The Beige Book is a summary of economic conditions around the United States compiled for the Federal Reserve Board.
Each Federal Reserve Bank gathers anecdotal information on current economic condition in its district through reports from bank directors and interviews with key businessmen, economists, market experts, and other sources.
The Beige Book summarizes this information by district and sector.
It is released at 2:00 pm EST two Wednesdays before each FOMC meeting.
This report allows outsiders to know what the Fed governors are looking at as they prepare for their upcoming FOMC meeting.
Why is the Beige Book important?
The Fed uses this report, along with other indicators, to determine interest rate policy at FOMC meetings.
The Beige Book is considered a valuable tool, acting in essence, as a general gauge on the overall strength of the economy, it is even considered that occasionally it can have the power to shift market reactions if the findings represent a significant enough deviation from current analyst expectations.
It must be remembered, however, that the report does not actually provide a clear view of what the FOMC members think about the economy, but instead presents a series of economic facts concerning the various districts.
It is also worth bearing in mind that while these facts may be accurate, they appear in the form of descriptive information, not as a break down of the actual data itself.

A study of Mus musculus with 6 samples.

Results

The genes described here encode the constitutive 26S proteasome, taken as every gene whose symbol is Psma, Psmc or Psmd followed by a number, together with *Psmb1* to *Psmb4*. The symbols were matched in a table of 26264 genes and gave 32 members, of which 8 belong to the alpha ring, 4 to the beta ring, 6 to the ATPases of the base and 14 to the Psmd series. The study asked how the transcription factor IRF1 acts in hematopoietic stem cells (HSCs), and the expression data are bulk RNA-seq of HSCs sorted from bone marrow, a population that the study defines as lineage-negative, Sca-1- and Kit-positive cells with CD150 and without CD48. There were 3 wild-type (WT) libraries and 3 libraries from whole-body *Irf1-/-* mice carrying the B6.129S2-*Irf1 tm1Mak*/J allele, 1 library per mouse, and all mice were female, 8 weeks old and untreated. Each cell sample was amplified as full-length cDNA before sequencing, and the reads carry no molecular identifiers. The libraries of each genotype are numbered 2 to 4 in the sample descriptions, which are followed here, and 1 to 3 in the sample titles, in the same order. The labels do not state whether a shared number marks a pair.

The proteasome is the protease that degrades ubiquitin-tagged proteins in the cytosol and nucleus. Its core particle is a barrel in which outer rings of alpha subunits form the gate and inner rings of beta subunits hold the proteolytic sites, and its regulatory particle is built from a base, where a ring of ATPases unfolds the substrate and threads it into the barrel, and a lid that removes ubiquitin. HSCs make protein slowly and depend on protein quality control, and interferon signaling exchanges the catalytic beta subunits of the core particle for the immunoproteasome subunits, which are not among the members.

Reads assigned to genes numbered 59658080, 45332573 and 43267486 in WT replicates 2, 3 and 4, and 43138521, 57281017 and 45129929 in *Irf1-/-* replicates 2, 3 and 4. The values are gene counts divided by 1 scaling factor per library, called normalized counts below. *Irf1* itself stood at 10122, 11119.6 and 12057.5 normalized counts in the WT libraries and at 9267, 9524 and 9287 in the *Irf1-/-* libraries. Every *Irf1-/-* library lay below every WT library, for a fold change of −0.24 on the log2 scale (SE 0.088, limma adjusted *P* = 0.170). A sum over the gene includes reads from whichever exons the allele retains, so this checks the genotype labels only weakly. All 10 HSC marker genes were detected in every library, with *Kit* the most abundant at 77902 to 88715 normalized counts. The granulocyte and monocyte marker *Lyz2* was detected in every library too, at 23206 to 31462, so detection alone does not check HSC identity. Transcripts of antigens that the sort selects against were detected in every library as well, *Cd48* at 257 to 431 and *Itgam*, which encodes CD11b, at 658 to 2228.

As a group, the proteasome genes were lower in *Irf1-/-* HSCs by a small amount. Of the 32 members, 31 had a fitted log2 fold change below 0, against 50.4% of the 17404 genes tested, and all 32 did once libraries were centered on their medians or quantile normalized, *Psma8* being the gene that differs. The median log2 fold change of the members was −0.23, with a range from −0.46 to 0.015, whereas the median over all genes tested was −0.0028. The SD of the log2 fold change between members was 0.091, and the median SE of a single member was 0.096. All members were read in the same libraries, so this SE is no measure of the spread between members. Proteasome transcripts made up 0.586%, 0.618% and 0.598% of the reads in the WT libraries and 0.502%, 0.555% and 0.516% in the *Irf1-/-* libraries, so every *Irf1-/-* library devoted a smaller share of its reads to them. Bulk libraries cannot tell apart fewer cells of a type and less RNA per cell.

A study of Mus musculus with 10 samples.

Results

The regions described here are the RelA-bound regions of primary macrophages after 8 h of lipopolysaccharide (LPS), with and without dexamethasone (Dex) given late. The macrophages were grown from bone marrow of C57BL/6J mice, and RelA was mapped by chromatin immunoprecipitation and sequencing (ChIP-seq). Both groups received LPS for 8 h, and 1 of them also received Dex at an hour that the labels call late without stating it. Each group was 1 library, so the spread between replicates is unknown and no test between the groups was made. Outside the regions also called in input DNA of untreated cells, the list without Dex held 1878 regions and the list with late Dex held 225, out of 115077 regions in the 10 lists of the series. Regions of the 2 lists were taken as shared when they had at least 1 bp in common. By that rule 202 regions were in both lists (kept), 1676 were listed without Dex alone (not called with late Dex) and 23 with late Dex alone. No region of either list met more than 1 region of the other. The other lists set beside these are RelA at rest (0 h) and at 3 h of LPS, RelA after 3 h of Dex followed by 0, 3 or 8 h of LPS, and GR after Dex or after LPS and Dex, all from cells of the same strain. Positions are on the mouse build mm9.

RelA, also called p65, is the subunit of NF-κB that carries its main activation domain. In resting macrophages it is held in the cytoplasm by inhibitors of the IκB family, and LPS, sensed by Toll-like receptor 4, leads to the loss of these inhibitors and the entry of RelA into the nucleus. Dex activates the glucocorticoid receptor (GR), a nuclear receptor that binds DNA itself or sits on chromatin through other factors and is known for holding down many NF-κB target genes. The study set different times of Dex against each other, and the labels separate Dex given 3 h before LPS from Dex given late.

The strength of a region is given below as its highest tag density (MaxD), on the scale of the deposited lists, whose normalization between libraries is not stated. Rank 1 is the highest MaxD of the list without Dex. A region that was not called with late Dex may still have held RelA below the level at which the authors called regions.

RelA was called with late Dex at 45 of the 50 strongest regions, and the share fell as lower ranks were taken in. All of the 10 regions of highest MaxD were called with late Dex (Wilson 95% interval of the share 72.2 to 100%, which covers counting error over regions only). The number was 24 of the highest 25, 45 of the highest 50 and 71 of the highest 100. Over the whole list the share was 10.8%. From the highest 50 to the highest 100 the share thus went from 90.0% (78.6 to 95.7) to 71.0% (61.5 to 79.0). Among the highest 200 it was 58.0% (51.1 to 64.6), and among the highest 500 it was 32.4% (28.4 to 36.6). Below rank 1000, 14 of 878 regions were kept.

If the Beige Book portrays inflationary pressure, the Fed may raise interest rates, which is dollar bullish.
If the Beige Book portrays recessionary conditions, the Fed may lower interest rates, which is dollar bearish.
What is the Beige Book?
The ‘Beige Book’ is the informal name given to the report issued by the Federal Reserve, the full name for the Beige Book report is actually “Summary of Commentary on Current Economic Conditions by Federal Reserve District“.
The Beige Book is released eight times a year, two Wednesdays prior to each FOMC (Federal Open Market Committee) meeting, and is a key tool in advising the members on changes that have occurred within the economy since the last meeting.
The Beige Book is not a collection of statistical data. It is a compilation of anecdotal information from each of the 12 Federal Reserve Districts and is based on interviews with local business people and academics who are surveyed about the economic health in their region.
Essentially, the Beige Book is a compilation of data gathered from each District within the Federal Reserve and is a mixture of anecdotal evidence on current economic conditions in the district gained through reports from various bank directors and also interviews with economists and market experts, along with other sources.
The Beige Book report presents this information in the form of summaries by both district and sector.
Two weeks before each FOMC meeting, the Fed releases the Beige Book so called due to its tan cover.